Monday, April 26, 2010

NASCAR is back

I realize I live in the north, but NASCAR is my favorite sport. Ever since my father took me to my first race at Daytona in 1993, I have fallen in love with a spectacle that excites some and bewilders others. Regardless, the sport has fallen on hard times (with ratings and attendance) as it tried to become mainstream. The bigger the fanbase the more the money, right? Wrong: The sport needs to connect with the southeast, which is where it roots are firmly entrenched.

That's why Sunday's race at Talladega was so amazing. From the bumping and fighting, the Aaron's 499 had it all. There were a record number of leaders and lead changes. And it's amazing the response you get when the sanctioning body decides to afix a spoiler onto the backs of the cars rather than a douchey fin.

But I digress. What made the race so intriguing is the passing and rivalries. Four-time defending champion Jimmie Johnson cut off teammate and fellow four-time champ Jeff Gordon on the backstretch. Gordon had to slide back into the pack and he wrecked a few moments later. This is the second time in as many weeks that the two teammates have tangled, making for an interesting storyline despite their clean-cut images. This is what racing is all about.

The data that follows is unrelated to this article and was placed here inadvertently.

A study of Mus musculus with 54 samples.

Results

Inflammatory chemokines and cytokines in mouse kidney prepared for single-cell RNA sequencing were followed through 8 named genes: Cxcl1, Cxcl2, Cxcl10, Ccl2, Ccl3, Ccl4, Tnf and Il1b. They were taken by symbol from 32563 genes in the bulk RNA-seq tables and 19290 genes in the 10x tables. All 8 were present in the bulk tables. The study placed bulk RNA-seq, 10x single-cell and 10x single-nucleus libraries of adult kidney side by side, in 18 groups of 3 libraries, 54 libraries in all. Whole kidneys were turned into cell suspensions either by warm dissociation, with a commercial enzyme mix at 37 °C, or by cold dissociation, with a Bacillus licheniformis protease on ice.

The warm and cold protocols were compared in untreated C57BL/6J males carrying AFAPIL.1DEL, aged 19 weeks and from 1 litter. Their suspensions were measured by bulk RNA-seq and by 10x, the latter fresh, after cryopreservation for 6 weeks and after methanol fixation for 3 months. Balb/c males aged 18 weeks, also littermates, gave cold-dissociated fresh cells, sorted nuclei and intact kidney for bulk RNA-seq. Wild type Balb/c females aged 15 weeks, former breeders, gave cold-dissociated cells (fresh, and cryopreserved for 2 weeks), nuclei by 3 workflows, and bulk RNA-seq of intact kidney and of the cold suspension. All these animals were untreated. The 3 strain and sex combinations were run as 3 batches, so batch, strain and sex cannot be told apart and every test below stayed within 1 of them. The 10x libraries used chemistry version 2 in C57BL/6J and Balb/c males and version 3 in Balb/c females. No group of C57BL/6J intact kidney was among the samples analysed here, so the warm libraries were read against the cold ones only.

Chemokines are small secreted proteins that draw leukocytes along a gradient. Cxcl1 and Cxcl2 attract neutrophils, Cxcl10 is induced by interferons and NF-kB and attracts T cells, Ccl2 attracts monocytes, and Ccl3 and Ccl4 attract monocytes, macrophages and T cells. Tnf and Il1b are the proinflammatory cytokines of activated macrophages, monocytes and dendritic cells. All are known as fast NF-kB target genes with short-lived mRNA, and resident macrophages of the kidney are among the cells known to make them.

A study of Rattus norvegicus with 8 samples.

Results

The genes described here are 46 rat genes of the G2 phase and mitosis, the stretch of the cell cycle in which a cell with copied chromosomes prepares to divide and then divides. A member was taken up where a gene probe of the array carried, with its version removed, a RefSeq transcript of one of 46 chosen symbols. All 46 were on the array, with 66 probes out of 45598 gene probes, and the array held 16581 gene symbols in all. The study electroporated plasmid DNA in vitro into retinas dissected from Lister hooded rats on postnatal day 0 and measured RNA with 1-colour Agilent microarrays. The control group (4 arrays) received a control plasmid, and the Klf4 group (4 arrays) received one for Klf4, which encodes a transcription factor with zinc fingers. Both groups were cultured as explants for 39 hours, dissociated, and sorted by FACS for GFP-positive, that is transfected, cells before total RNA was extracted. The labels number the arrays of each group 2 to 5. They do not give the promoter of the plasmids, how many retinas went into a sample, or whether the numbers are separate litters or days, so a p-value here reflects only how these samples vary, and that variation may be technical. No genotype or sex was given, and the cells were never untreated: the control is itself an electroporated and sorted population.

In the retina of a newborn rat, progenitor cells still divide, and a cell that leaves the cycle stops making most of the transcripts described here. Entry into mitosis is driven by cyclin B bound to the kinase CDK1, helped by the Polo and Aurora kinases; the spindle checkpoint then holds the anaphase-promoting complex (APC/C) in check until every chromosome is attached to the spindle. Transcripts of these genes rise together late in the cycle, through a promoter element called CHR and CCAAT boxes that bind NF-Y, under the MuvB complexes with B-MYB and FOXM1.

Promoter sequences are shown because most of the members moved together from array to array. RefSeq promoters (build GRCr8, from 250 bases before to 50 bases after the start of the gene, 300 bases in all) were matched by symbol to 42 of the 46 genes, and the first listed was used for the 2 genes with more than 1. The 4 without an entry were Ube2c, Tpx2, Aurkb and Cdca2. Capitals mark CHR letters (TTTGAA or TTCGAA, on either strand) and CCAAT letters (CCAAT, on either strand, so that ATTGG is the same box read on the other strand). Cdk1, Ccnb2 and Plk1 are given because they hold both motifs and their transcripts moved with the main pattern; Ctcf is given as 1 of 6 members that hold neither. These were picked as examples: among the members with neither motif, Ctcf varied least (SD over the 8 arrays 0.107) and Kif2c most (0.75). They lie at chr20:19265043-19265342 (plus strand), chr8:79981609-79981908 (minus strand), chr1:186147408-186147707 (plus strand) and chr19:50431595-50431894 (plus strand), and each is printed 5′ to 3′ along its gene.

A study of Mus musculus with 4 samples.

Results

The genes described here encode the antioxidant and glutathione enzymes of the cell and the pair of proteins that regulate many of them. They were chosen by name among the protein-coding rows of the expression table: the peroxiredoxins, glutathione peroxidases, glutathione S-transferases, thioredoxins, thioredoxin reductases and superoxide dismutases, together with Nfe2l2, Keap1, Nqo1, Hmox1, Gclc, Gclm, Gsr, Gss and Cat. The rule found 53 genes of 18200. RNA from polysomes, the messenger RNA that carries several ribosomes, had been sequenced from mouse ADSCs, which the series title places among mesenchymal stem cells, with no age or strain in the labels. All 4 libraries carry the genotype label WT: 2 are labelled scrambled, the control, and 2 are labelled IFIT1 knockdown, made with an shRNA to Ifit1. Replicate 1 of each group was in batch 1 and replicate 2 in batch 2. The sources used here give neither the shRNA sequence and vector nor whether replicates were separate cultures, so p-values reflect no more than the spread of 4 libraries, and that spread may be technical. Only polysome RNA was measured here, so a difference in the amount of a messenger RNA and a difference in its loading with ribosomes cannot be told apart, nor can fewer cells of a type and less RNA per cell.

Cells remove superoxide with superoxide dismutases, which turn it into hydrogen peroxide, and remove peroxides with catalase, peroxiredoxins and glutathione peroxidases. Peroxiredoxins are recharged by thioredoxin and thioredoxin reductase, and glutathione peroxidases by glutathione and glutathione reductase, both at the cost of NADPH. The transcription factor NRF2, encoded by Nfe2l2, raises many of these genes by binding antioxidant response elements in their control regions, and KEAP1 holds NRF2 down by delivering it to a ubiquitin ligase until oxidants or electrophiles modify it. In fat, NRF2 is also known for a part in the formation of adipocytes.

Then, on the last lap, Kevin Harvick bumped Daytona 500 champ Jamie McMurray to the side and they drag raced the final 300 yards to the checkered flag. It forced even the most hardened NASCAR fan to stand up and shout.

This is what the sport needs. More fighting and more side-by-side racing. I realize I'm in the minority with NASCAR, but I have a feeling that more people will start showing interest if the racing -- and story lines -- are as intriguing as they have been this year.

(Photo by Getty Images in the last lap of Sunday's Nationwide Series Race)


  1. I couldn't agree with you more. Ten years ago, I was a big NASCAR fan. Today, I couldn't tell you the last time I even tuned in to a race, let alone watch an entire broadcast. They have sapped the personality from the sport. It has become a pre-packaged, homogenized, bland sport. They abandoned "character" tracks like Rockingham and North Wilkesboro for antiseptic super tracks in Texas and California. They have abandoned their base, and their base has abandoned them. It's hard to believe, but I think they run a very real risk of becoming as irrelevant to the general public as Indy car racing.

  2. Well said, Brant. I loved The Rock, but they swapped out races there and at North Wilksboro and Darlington for boring events at California and Texas. It's time to bring racing back to the area with the fanbase. I think NASCAR is beginning to do that.